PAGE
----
At www.whitehouse.gov, it says, “President Obama is committed to creating the most open and accessible administration in American history.” Except, it turns out, when the subject is how the previous administration flew kidnapped detainees to be tortured.
The President and his new Attorney General have chosen to stand by the Bush administration position of “state secrets” in the ACLU’s rendition case against Boeing subsidiary Jeppesen DataPlan for its role in the extraordinary rendition program, claiming that torture and rendition victims should not be granted their day in court.
As is amply documented, Jeppesen DataPlan played travel agent for the “torture taxis” in which the CIA transported dozens, perhaps hundreds of detainees. The taxis’ destinations included countries like Egypt and Morocco, where torture during interrogation has been routine and brutal. And they included CIA “black sites” in Romania, Poland, and Afghanistan.
The extraordinary rendition program begs the question — who provided the “taxis” — the pilots, planes, and maintenance? In a number of cases, Aero Contractors of Smithfield, North Carolina. Headquartered at the Johnston County Airport, just 30 minutes from Raleigh, Aero Contractors is a nominally private company that was founded in 1980 by Jim Rhyne, a CIA pilot. Rhyne set up Aero specifically to fly the type of shady CIA missions previously flown by Air America, the CIA front airline of the 1950s-70s.
Starting in 2001, Jeppesen and Aero Contractors apparently worked hand-in-hand to ferry kidnapped people to secret indefinite detention and torture. After each mission, the planes returned to their bases at taxpayer-funded airports in Smithfield and Kinston, North Carolina. Some of those kidnapped have disappeared, some have been released without charges, and some linger at Guantánamo. The facts are not in dispute.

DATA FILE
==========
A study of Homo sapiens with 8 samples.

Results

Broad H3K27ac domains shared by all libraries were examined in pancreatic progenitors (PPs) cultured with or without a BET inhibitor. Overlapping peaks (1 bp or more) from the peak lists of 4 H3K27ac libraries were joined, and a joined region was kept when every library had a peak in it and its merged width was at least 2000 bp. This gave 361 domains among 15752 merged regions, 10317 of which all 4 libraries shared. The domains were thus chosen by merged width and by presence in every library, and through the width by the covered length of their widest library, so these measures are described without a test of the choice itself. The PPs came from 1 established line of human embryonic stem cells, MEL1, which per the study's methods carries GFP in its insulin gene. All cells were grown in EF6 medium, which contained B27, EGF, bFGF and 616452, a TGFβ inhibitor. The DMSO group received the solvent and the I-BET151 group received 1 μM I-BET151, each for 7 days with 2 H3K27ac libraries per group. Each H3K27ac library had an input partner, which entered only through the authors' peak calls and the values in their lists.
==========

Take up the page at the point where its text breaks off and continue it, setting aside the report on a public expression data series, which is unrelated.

Starting in 2005, North Carolina Stop Torture Now, the ACLU of North Carolina, and other allies have sought an investigation of Aero’s key role in kidnapping and torture. We’ve met with staff of the North Carolina governor and attorney general, worked with state legislators to get anti-torture legislation (PDF) introduced, and pleaded with our Federal delegation to get the investigation launched.
As a result, 22 courageous state representatives and senators wrote a letter in January 2007 (PDF) asking the North Carolina Attorney General to investigate Aero. But the State of North Carolina refused to investigate, seek new legislation clearly defining enforced disappearance for torture as criminal conduct, or prosecute Aero for conspiracy to kidnap.
When the State instead passed the buck to the FBI, U.S. Rep. Mel Watt (D-N.C.) followed up in April 2008 (PDF), questioning FBI Director Mueller in an oversight hearing about progress with the Aero investigation. The FBI later responded that it had asked Bush’s DOJ for guidance, and had received none. In July 2008, U.S. Rep. David Price (D-N.C.) wrote to the leaders of the House Intelligence Committee, calling for investigation of Aero Contractors and other private rendition contractors.
Despite these efforts, no investigation has yet been launched, and not a single torture victim has had his day in court. Aero continues to fly rendition-linked planes in and out of several North Carolina airports. A bit farther down the road, a shadowy company called Centurion Aviation is expanding rapidly next to Fort Bragg — and also continues to fly overseas missions in planes linked to extraordinary rendition by European investigators.
The Obama Administration’s considered endorsement of the State Secrets Doctrine on February 9 apparently signals it will be reluctant to let sunshine fall on private rendition contractors. What do they have to hide? Has a deal been cut so everyone from the torture-memo lawyers down to the torture-taxi pilots can evade justice?
Let down by our President, we still want accountability for torture and extraordinary rendition. We support the vital work of the ACLU, Reprieve, and the Center for Constitutional Rights in seeking justice for the victims of these cruel and counterproductive policies. Tar Heels won’t rest until Aero Contractors and Centurion Aviation are investigated, the results are made public, and the “torture taxi” business is shut down. And the threads from that investigation should be unraveled back not only to the travel agents, but to the intellectual authors of these horrific flights.